Small asteroid 2011 MD is zipping by earth
Less than 24 hours before its closest encounter on June 27, 17:01 I had the chance to make some astrometric measurements on this small solar system body. 2011 MD was discovered by LINEAR four days earlier on June 22 and confirmed by J95 Great Shefford, Sandlot Observatory. Hidetaka Sato via RAS Obs. Mayhill , and Sabino Canyon Observatory on the same night. Just in time the cloudes cleared the view after three weeks of unstable weather. After acquiring 4 sets of 10 second exposures, spaced by 20 minutes, I decided to add a sequence of 180 images to get good animation where the asteroid would cross almost the entire field of view of my C14 and the attached ST-8 ccd camera. The image to the left is a combination of 30 two-second-exposures showing the asteroid leaving behind a streak because the single images where aligned and stacked on the stars. At this time 2011 MD was almost 200,000 km away from earth but already entered the earth-moon-system, travelling through the constellation Hercules. When reaching the smallest distance there will be only 12,280 km between the space rock and the earth's surface.
With only 5 - 20 m in size this near earth asteroid apposes no danger to us, even if it would hit the earth (what it does not) it would burn up in the atmosphere making only a spectacular fireball maybe with a few small meteroids reaching the ground.
The encounter is so close, that the gravitational field of the earth will change the path and orbit of 2011 MD significantly. Almost like a swing-by maneuver by a space probe. But it will be very hard to observe afterwards, because it's departing into the direction of the sun. The next visit will be in 2022.
I believed to notice a small drop in brightness in the middle of the animation. Other observers also reported brightness varations probably caused by the rotation of the asteroid. However I did not get photometry data and wasn't able to detect a periodicity.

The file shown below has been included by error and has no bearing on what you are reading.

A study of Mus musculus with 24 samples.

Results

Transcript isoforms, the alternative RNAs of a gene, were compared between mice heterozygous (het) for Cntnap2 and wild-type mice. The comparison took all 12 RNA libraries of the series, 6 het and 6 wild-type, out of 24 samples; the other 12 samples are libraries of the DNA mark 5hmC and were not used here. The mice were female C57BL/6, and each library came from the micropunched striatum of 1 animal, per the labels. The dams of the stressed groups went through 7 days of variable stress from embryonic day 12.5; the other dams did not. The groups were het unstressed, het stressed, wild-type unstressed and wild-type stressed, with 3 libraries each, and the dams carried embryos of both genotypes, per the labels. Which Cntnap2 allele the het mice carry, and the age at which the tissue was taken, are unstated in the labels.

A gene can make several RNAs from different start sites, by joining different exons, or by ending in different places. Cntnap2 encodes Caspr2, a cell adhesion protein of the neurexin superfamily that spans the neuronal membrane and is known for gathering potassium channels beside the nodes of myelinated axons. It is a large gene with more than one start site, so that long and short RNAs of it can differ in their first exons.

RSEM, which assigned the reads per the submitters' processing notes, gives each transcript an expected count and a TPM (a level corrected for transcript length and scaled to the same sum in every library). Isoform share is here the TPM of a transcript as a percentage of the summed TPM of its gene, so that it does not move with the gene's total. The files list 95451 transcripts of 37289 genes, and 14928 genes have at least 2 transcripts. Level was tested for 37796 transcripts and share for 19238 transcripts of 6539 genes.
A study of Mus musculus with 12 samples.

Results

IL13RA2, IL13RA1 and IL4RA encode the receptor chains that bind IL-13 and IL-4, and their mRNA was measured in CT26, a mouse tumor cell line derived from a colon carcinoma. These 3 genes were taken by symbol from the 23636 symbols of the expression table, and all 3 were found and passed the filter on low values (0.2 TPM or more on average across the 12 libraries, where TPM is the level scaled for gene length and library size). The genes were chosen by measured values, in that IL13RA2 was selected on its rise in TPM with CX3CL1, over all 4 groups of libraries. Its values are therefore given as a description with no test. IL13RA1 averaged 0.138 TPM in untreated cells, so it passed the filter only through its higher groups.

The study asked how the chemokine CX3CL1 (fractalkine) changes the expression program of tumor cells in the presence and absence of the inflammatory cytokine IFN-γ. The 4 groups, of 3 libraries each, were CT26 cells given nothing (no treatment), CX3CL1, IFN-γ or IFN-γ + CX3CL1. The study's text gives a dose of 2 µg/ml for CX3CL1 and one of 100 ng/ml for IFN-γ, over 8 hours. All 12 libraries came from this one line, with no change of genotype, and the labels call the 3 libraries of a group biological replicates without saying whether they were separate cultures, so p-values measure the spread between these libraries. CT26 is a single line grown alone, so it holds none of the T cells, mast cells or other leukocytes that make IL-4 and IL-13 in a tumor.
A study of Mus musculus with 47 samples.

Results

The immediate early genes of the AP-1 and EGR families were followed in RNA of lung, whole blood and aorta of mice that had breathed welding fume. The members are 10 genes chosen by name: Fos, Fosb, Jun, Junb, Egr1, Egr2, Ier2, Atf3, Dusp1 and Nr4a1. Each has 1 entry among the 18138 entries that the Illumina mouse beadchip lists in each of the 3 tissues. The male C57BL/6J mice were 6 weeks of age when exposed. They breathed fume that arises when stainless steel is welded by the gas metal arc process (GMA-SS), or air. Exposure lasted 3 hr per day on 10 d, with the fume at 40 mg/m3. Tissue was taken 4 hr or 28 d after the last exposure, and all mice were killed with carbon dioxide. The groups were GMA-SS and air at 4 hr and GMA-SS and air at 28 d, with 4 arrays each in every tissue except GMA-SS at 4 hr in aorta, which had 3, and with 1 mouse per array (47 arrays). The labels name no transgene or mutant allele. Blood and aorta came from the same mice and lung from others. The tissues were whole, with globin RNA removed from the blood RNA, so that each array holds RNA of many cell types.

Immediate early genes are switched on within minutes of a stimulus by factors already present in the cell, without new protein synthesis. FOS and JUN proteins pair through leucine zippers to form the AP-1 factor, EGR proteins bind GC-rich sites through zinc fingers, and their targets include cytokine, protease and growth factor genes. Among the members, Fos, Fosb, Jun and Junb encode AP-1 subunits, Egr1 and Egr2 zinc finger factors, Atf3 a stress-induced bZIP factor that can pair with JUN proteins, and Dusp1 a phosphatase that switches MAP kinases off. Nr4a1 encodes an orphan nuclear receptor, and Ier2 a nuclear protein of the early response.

Anyway - it was fun taking part in the worldwide tracking of this object - the fourth closest observed encounter of a near earth object.
(90403) 2003 YE45
2003 YE45 passed the earth on July 13 in a distance of 0.0424 AU (or 16.5 lunar distances). It was a radar target of Arecibo on July 6 and 7 and the observations revealed that it is a extremely slow rotator with a period of 1-2 weeks. Its size is about 1-2 km. 2003 YE45 reaches 15th magnitude in July and will be a good target for photometry. Goldstone observations were scheduled for July 16-19.
Our own astrometry observations on July 15 and 19 were sent to the Minor Planet Center and published in MPEC 2008-O11 and MPEC 2008-O02. 2003 YE45 is classified as Potential Hazardous Asteroid
Rotation rates of asteroids are important for understanding their formation and structure. Lately the influence of the Yarkovsky effect in increasing rotation periods is investigated extensively [nature]. A variant of the Yarkovsky effect is the so-called YORP-effect, describing absorption and reemission of sunlight leading also to deceleration of asteroids rotation rates. So also very slow rotators - like 2003 YE45 - could be explained by the YORP effect.
(90403) 2003 YE45, PHA, 15.1 mag , P.A. 104.6°, 10.6"/min
Sequence of 10 x 10 sec. exposures on July 19.96893 - 19.98155,
14 inch Schmidt-Cassegrain, ST8-XME 2x2 binned, image scale 1.75"/pixel
Close flyby of asteroid 1998 FW on September 29, 2009
This not so little sucker (approx. 400-600 meters) will encounter the earth at a distance of 8.63 LD (lunar distances) on September 29, 18:43 UT. It will be a radar target a Goldstone and Arecibo. Due to its highly eccentric orbit it is possibly an extinct comet belonging to the Jupiter-family.
We contributed astrometry on Aug. 23 and Sept. 9 to the MPC (MPEC 2009-R32). In the 30 minutes exposed image the asteroid shows up as a bright streak. During this time the object was clearly visible on a single 30 second exposure at mag. 17. It will brighten up to magnitude 14 and be an easy target for amateur telescopes. From September 19 - 30 1998FW4 is moving through the constellations Aquarius, Aquila and Ophiuchus accelerating rapidly. After September 30 it will be unobservable.
Comet 217P/Linear ...
... was recovered on March 17, 2009 by italian astronomers with a remote controlled telescope in New Mexico, USA at magnitude 18. The comet was last seen in 2002. On August 22 spanish comet observer David Cardenosa reported an outburst in activity and the appearance of a new jet. Further image filtering revealed a clockwise spiraling jet to the northwest.
We obtained follow-up observations on August 23, 30 and 31. On the picture of Aug 23 this feature and a second tail are clearly visible. Image processing with a Larson-Sekanin-Filter (3.0 pixel, 7.5 degree) reveal the details. The spiraled arc northwest of the central condensation interfere with a startrail but is still well-defined. Such arclets are indicators of possible fragmentation events or even nucleous splitting - sometimes also called "coma wings" (click on image to enlarge).